WaPo wonders: Was IRS revelation a Friday night dump?
posted at 11:47 am on May 11, 2013 by Ed Morrissey
Distractions, distractions. The editors at the Washington Post castigate the IRS and demand a full and independent inquiry in their lead editorial today, and immediately reject any proposal that allows the agency to investigate itself over their admission that they targeted groups for scrutiny based on their political affiliations. They also pose a question near the end that’s worth pondering, emphasis mine:
Did some officials hope never to reveal this wrongdoing? Did others hope it could quickly get lost in the weekend news cycle? Misguided, if so. We hope to hear Democratic leaders as well as Republican ones loudly saying so.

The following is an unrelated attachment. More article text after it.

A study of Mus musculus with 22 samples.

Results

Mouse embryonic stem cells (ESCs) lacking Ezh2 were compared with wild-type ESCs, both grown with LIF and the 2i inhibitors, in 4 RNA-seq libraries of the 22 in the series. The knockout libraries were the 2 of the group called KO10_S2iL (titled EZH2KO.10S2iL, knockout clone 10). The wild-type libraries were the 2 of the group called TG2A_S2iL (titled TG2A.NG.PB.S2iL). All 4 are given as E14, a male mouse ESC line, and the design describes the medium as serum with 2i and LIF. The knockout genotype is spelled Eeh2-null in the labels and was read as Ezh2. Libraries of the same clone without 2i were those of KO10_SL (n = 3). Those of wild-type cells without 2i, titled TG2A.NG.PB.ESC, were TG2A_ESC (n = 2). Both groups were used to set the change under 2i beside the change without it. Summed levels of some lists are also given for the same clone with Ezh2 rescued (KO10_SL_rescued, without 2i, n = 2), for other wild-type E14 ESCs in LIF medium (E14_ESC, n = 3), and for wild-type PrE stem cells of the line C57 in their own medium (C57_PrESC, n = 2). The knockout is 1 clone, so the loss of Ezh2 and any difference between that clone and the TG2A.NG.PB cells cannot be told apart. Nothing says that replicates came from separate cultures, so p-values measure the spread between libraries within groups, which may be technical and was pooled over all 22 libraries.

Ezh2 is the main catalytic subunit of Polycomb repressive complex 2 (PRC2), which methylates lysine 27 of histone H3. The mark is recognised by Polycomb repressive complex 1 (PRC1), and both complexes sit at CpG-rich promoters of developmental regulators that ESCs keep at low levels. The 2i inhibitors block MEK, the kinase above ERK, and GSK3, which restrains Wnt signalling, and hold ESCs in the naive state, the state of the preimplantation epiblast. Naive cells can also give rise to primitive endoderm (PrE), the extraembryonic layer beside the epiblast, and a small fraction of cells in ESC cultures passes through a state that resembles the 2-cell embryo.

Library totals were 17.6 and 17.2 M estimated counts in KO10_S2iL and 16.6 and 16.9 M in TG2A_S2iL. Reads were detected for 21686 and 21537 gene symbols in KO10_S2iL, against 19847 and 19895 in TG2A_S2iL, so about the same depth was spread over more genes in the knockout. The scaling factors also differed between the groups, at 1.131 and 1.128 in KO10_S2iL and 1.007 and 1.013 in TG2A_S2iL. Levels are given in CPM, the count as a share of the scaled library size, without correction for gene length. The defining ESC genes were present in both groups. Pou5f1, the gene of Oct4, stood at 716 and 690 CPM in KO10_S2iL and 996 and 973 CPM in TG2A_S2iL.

Actually, one would have to be nuts to think this will disappear over a weekend news cycle. Rather than getting lost in other news, it actually reinforces an emerging pattern of executive-branch intimidation that exists in the Benghazi scandal and the Inspectors General corps, most recently regarding Afghanistan reconstruction funds, and more.
That doesn’t mean some organizations won’t try to downplay it in the hopes it will go away:
Not front page material in the Grey Lady’s news judgment. But good enough for page A-11. With the third paragraph reassuring readers that an agency spokesperson had insisted
… that the move was not driven by politics, but she added, “We made some mistakes; some people didn’t use good judgment.”
Compare that to the WaPo’s much more skeptical tone in the editorial:
The agency said that it now has rules in place to make sure this sort of thing never happens again. How could such basic safeguards not have existed in the first place? And what are the new rules? In response to our questions, officials did not say.
So what did the Times’ editorial have to say? Er …. nothing. The persecution of conservative groups by the IRS wasn’t enough to get the Gray Lady’s editors interested, apparently.